Horse, not Force
I heard on the radio that experts are predicting another dry winter. This is bad in a lot of ways — Idaho could use some precipitation — but purely from a riding perspective, I’m delighted. Since I missed out on most of the summer riding season, a winter in the saddle sounds pretty good. I’m sure I’ll pay for the privilege in hay prices.
Hopefully, I’ll be able to ride enough to have Jammer and Maji ready to ramp up quickly for 50’s come spring. With a full-time work schedule, a long commute, and Daylight Wasting time approaching, reality dictates that each horse will be lucky to get three rides per week. Two is more likely. One and none are bound to happen occasionally.
That, and the fact that both horses (especially Maji) are green, means my conditioning plans are pretty flexible. The most important thing is that I just get them out and ride. Maji needs to experience the world, and both horses’ fitness will benefit from whatever miles I can put on them.
But you know me. I do have a bit more construct in mind than just “go ride.” In an ideal winter world, I’d ride each horse three times weekly: Once for LSD (that’s long, slow distance, for those who were wondering), once for a shorter, speedier ride, and once for arena work or a hack in the hills.
Yesterday was supposed to be Maji’s speed day. Speed is relative, of course, both for the horse and its level of fitness. Right now, Maji’s “speed work” would be about 8 mph for 4 miles on level ground. (Jammer’s is 9-10 mph for 6 miles on level ground.) Just enough to provide some challenge and build fitness, but not enough to beat up their untried legs.
Well. It was early afternoon and gusts of wind herded dark clouds across the sky. Maji didn’t seem bothered by the weather per say, but she was tense as a banjo string from the moment we crunched out of the drive. High-headed and jumpier than I’ve ever seen her, she behaved as though she’d never left the round corral before despite the fact that we were headed down to a canal bank she’s travelled several times in recent weeks. I even dismounted to walk her past the house with 5 hunting dogs in the yard, then a sugar beet field where a farmer’s roaring tractor pushed the giant, lumpy produce up in rows.
I mounted up again when we reached the canal — just in time for Maji to have a complete meltdown at the sight of a 4-wheeler ramp in the back of a farmer’s pickup. (Um, really, Maj?) She leaped sideways to the top of a crumbling bank and flailed around up there, trying to get her footing, turn around to run, and keep her popping eyes on the ramp all at the same time. It took me a minute to break through her mental static enough to help her edge past.
She continued to ogle everything that moved — which was plenty, given the wind. A heron rose from the canal. Cornstalks rattled. The last puddles of irrigation water flashed with minnows. Tree branches waved. Ravens swarmed the fields in billowing murders. Harvesters roared on distant roads. Our shadow slid over mounds of dirt. I rolled my eyes and prepared for a tough go.
The old reminder rhymed in my head: Light in the leg and soft in the hands, ride the horse and not your plans.
Yup. Forget the speed work. This ride needed to be about Maji’s mind.
First, I tried asking her to trot. I find that a tense, spooky horse often responds well to just being put to work. Get them in a rhythm, burn a little energy, and they let go of the mental bugaboos. Maji trotted…sort of…in that awkward, jolting way of very green horses. She raced ahead, responded to seat (sloooower, Horsie), stared sideways instead of watching her feet, trotted on.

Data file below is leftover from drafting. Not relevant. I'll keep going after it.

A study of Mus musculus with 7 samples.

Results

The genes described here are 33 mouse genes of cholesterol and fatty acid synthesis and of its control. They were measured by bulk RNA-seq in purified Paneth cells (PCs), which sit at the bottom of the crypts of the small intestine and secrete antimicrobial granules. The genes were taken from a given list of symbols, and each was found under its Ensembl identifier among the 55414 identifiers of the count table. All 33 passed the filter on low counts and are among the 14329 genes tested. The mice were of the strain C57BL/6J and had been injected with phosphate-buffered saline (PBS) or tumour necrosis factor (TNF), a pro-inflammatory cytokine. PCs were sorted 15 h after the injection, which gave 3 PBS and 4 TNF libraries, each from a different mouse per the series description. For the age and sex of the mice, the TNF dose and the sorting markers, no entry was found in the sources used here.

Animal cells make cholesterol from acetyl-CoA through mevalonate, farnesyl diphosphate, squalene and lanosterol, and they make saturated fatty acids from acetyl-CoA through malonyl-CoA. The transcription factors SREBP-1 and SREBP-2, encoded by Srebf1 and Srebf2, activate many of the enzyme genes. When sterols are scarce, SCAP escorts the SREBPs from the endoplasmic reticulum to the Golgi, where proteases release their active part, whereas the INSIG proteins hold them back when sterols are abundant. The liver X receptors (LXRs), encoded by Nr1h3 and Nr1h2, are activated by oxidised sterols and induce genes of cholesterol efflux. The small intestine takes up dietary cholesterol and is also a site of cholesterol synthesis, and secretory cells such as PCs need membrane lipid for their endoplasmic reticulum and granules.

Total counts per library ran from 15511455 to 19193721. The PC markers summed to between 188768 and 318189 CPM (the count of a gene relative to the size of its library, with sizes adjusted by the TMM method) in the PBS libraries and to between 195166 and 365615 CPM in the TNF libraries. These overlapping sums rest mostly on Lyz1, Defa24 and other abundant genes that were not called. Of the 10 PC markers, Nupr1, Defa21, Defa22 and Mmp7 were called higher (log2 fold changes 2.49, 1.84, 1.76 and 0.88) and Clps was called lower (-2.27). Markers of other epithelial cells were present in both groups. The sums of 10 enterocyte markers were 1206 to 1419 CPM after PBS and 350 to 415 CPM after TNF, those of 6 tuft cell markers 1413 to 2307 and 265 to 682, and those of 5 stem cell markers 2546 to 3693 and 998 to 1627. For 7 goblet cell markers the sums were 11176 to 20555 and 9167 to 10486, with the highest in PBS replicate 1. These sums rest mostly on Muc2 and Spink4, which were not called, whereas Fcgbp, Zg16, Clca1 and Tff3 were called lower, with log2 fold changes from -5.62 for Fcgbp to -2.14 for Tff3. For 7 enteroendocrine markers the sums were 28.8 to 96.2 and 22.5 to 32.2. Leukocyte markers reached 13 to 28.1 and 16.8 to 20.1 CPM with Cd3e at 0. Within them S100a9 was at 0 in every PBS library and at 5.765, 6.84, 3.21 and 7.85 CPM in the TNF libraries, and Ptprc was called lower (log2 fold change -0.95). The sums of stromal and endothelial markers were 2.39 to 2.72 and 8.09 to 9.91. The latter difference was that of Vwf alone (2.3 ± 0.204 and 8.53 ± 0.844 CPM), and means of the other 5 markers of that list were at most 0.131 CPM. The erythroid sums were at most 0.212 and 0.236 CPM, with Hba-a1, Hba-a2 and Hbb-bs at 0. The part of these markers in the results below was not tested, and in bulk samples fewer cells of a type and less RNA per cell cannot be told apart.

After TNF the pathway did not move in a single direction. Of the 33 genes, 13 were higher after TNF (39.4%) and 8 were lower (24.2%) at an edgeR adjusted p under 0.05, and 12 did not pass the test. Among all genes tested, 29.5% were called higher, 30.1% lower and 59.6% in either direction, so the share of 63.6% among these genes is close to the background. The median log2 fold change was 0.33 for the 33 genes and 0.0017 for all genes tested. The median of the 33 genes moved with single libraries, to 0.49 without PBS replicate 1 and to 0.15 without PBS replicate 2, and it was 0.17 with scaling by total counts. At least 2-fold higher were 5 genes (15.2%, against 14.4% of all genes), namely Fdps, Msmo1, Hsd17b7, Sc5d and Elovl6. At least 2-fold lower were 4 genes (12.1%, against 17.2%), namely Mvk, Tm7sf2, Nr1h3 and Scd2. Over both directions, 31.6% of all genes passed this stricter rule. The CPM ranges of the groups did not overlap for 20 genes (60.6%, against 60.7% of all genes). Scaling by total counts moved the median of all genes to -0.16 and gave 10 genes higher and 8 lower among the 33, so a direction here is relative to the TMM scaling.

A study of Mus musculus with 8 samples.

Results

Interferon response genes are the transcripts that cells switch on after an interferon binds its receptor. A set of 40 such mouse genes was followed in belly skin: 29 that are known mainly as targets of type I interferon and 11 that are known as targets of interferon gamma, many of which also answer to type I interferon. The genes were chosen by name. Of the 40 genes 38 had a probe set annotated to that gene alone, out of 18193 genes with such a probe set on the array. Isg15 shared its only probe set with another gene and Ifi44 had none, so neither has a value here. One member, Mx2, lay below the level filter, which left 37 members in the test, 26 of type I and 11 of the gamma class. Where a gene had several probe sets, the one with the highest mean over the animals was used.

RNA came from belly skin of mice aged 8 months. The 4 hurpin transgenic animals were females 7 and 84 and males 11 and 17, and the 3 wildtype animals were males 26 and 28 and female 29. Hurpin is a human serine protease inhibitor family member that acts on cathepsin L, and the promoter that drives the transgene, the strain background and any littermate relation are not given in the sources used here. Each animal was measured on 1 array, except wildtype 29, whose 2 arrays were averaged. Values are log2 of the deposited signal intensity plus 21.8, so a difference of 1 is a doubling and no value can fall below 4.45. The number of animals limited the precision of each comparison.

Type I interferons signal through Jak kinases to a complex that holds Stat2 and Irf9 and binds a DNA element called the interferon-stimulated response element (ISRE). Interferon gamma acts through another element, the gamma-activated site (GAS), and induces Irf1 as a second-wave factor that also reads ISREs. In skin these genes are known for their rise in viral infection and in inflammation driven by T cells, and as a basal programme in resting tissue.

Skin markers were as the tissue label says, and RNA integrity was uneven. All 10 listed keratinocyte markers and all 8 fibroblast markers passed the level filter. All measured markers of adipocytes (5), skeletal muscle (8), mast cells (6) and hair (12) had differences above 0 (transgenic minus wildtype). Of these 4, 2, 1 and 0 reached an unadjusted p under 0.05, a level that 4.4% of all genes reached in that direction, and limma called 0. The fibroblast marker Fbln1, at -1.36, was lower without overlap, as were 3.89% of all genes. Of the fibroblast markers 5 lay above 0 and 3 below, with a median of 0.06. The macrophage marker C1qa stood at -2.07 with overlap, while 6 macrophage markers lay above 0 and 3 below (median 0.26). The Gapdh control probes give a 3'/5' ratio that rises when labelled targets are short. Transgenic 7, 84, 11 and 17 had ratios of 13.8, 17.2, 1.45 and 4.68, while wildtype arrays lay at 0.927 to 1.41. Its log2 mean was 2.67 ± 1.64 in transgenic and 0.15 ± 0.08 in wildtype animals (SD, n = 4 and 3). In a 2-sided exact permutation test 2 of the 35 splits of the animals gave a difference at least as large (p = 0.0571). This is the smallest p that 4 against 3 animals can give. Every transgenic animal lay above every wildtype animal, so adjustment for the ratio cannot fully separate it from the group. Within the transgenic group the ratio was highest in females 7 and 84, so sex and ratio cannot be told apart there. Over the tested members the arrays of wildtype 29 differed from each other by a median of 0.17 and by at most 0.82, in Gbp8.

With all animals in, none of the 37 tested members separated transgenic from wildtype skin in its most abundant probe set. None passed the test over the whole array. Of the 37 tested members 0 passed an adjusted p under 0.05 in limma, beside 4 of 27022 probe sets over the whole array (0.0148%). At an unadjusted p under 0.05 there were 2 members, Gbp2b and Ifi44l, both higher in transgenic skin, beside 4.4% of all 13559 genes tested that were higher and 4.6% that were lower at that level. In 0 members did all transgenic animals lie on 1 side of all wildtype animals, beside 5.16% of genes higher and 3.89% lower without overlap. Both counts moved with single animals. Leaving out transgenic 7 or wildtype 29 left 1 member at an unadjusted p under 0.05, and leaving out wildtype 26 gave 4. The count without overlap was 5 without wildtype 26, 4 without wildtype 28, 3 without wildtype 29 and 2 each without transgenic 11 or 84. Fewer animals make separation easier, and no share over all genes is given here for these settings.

She was just beginning to settle when we encountered the Weed. It was, to my eye, exactly like 500 other weeds we had already passed. But what do I know? I am only human. Maji saw a bloodthirsty killer.
She went straight from a brisk trot, right past a stop and into reverse, in half a heartbeat. This wasn’t your average “startle.” Oh no. It was the stiff-legged hit-the-brakes crouch followed by 20 paces of the fastest, lowest backing I’ve ever ridden.
Funniest. Thing. Ever.
Poor Maji. She saved both our lives and all I could do was laugh at her.
We cut a dicey path around the Weed and proceeded another mile before I took a look at the sky and decided to head home. I also decided to try another tactic on the way. Instead of trotting, as the get-to-work method wasn’t helping much, we would try to relax at a walk. Give her more time to absorb the sights. Chill out.
I thought I might have a fight on my hands, keeping her to a walk on the way home, but last week’s No Rushing lessons seemed to have sunk in. She hardly broke gait at all, and instead settled down (mostly) on a long-ish rein. And so, we salvaged a decent trail ride out of the whole mess and she learned that having a baby-brain day doesn’t mean she doesn’t have to pull herself together and behave.
As soon as we got home, I didn’t even pull her tack but snapped a lunge line to her halter and worked her at a brisk trot for 25 minutes. This was not punishment by any means — horses don’t understand that kind of consequence, and besides, she hadn’t done anything wrong — but simply a safer way to burn some of her abundant energy. Lunging isn’t my favorite method because I don’t think all those circles are great for their legs, but I’m not afraid to use it occasionally. This seemed an an appropriate occasion.
By the time we were done, she was sweaty but bright-eyed, happy, and ready for a snack inside the horse trailer.
All’s well that ends well, they say, but I must admit that I hope today’s ride is easier!